OBJECTIVES: Guidelines recommend a 0-hour/1-hour high-sensitivity cardiac troponin T (hs-cTnT) diagnostic strategy in acute chest pain patients. There are, however, little data on the performance of this strategy when combined with clinical risk stratification. We aimed to evaluate the diagnostic accuracy of an accelerated diagnostic protocol (ADP) using the 0-hour/1-hour hs-cTnT strategy together with an adapted Thrombolysis In Myocardial Infarction (TIMI) score and electrocardiogram (ECG) for ruling out major adverse cardiac events (MACE) within 30 days.
METHODS: This prospective observational study enrolled consecutive emergency department (ED) chest pain patients. TIMI score variables, ED physicians' assessments of the ECG, and 0- and 1-hour hs-cTnT were collected. Thirty-day MACE was defined as acute myocardial infarction (AMI), unstable angina (UA), cardiogenic shock, ventricular arrhythmia, atrioventricular block, cardiac arrest, or death of cardiac or unknown cause.
RESULTS: A total of 1,020 patients were included in the final analysis. The combination of an adapted TIMI score =1, a nonischemic ECG, and either a 0-hour hs-cTnT < 5 ng/L or a 0-hour hs-cTnT < 12 ng/L combined with a 1-hour increase < 3 ng/L identified 432 (42.4%) patients as very low risk with a negative predictive value of 99.5% (95% confidence interval [CI] = 98.3%-99.9%) and a negative likelihood ratio of 0.04 (95% CI = 0.01-0.14) for 30-day MACE. The ADP missed only two patients with UA and no patients with AMI or other forms of MACE.
CONCLUSION: An ADP using the guideline recommended 0-hour/1-hour hs-cTnT strategy rapidly identified patients with a very low risk of 30-day MACE including UA where no further cardiac testing would be needed. This could potentially allow safe early discharge of about 40% of ED chest pain patients.
Interesting data from a small single-center observational study - needs to be replicated with a larger cohort of low-risk patients.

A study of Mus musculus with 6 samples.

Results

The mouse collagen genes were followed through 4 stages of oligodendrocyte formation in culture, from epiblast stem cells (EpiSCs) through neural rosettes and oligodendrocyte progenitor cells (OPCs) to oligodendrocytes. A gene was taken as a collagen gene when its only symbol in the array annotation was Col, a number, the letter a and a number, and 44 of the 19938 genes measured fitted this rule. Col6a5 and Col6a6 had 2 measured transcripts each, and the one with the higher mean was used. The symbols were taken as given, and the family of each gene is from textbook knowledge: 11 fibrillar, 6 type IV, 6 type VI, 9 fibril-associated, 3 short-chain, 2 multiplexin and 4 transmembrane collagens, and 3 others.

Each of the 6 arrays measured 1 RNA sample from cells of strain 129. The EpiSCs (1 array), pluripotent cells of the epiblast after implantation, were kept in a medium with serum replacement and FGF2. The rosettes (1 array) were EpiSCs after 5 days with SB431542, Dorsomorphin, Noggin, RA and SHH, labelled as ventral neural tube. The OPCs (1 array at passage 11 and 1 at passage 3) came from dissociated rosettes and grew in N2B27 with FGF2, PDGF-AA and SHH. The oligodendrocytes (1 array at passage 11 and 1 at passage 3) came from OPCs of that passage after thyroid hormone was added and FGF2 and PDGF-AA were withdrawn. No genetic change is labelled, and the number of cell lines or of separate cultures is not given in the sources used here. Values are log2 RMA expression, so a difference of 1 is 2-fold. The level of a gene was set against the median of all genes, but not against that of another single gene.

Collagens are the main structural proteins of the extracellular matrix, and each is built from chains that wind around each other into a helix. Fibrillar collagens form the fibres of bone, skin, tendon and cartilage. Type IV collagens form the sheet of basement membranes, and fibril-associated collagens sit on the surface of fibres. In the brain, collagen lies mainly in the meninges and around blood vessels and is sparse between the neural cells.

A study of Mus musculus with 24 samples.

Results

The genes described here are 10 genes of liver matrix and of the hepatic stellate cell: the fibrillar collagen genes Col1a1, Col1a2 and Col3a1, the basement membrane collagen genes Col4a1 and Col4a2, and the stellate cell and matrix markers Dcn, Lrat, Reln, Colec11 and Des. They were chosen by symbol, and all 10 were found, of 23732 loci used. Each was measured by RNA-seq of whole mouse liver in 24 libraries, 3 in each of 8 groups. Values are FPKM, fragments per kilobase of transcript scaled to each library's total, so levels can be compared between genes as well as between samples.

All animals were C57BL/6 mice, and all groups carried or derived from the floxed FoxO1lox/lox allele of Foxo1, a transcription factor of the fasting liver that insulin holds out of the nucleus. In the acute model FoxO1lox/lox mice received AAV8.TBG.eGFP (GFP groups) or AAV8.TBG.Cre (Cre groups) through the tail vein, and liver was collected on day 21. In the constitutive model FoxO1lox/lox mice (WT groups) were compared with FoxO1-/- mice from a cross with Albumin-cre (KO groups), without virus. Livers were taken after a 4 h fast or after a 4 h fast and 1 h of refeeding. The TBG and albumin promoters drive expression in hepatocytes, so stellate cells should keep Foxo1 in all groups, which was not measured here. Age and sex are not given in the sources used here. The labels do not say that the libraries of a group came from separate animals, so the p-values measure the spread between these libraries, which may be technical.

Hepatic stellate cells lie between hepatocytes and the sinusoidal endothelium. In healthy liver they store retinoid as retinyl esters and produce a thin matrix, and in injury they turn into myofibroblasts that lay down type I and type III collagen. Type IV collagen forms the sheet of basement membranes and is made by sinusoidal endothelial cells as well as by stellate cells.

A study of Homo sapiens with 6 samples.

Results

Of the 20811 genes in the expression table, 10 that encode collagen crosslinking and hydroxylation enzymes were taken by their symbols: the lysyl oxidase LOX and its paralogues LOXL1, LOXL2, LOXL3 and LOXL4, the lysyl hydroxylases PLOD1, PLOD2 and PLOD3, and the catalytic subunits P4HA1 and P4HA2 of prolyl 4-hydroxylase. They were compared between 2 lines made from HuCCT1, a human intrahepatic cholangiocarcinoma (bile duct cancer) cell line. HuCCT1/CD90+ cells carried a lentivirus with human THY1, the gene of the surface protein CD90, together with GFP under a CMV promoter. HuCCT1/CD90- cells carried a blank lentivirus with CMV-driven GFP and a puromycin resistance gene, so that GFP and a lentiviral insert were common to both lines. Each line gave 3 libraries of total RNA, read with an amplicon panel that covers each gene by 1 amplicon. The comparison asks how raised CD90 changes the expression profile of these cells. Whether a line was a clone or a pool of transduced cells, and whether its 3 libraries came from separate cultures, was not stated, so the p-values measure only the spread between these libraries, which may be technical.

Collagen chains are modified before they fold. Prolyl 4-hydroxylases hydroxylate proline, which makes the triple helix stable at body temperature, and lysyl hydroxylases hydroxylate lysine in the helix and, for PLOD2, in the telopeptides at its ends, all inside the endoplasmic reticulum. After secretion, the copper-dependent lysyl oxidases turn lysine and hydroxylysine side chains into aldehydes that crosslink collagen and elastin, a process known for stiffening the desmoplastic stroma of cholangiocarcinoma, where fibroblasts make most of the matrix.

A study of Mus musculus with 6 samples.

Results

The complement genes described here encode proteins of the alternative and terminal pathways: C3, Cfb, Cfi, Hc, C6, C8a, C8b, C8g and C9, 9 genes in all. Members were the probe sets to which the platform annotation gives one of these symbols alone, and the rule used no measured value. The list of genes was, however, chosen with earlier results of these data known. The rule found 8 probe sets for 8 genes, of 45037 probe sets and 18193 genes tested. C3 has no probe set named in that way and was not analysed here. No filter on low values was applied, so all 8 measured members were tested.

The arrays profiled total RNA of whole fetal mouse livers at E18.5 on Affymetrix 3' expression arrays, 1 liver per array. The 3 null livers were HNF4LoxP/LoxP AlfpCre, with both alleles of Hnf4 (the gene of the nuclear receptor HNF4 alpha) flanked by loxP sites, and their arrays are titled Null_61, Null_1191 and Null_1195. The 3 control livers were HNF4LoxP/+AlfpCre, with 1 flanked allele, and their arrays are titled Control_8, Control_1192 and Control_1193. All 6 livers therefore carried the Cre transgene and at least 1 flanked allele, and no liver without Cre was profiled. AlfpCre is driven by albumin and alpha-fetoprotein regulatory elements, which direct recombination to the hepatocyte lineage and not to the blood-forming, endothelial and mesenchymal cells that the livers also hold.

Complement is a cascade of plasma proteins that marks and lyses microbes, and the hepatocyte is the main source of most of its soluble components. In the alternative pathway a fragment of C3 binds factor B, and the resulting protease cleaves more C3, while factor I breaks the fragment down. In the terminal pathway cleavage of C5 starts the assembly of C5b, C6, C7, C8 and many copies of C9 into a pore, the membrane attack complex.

Not new with respect to news. I doubt it will be used by most given our legal environment and will take time before it becomes adopted.
This is a secondary analysis of a prospective cohort study and so really adds nothing to the multiple similar studies. We need RCTs to determine which, if any, of these protocols is as safe and more effective than current standard care.
A large number of observational studies (which are Tier 2 of diagnostic evidence hierarchy - see http://onlinelibrary.wiley.com/doi/10.1111/acem.12832/full) imply that high-sensitivity cardiac troponin (hsTrop) improves the diagnostic standard of care for ED chest pain risk stratification. The current observational study is a secondary analysis of prospective observational data, very much like several other recent hsTrop studies. However, observational studies of diagnostic evidence do not prove patient - or societal - level benefit. To advance our understanding of the benefits and harms of hsTrop, researchers now need to focus on diagnostic RCTs that highlight patient-oriented outcomes (http://pmid.us/28063913). One early RCT of hsTrop does not demonstrate such benefits (http://circoutcomes.ahajournals.org/content/9/5/542.long).
This article contributes to the growing body of literature utilizing advances in diagnostic testing to improve our ability to risk-stratify chest pain in the Emergency Room. Nearly half of their cohort were stratified as low risk, and MACE rates in this group were very low.
The word of caution necessary here is that this decision cannot be made based only on the troponin. It only works if you also use the clinical criteria. In practice, it appears to me that too many people fail to take an adequate history and, in many instances, dismiss the risk factors when the troponin comes back as negative.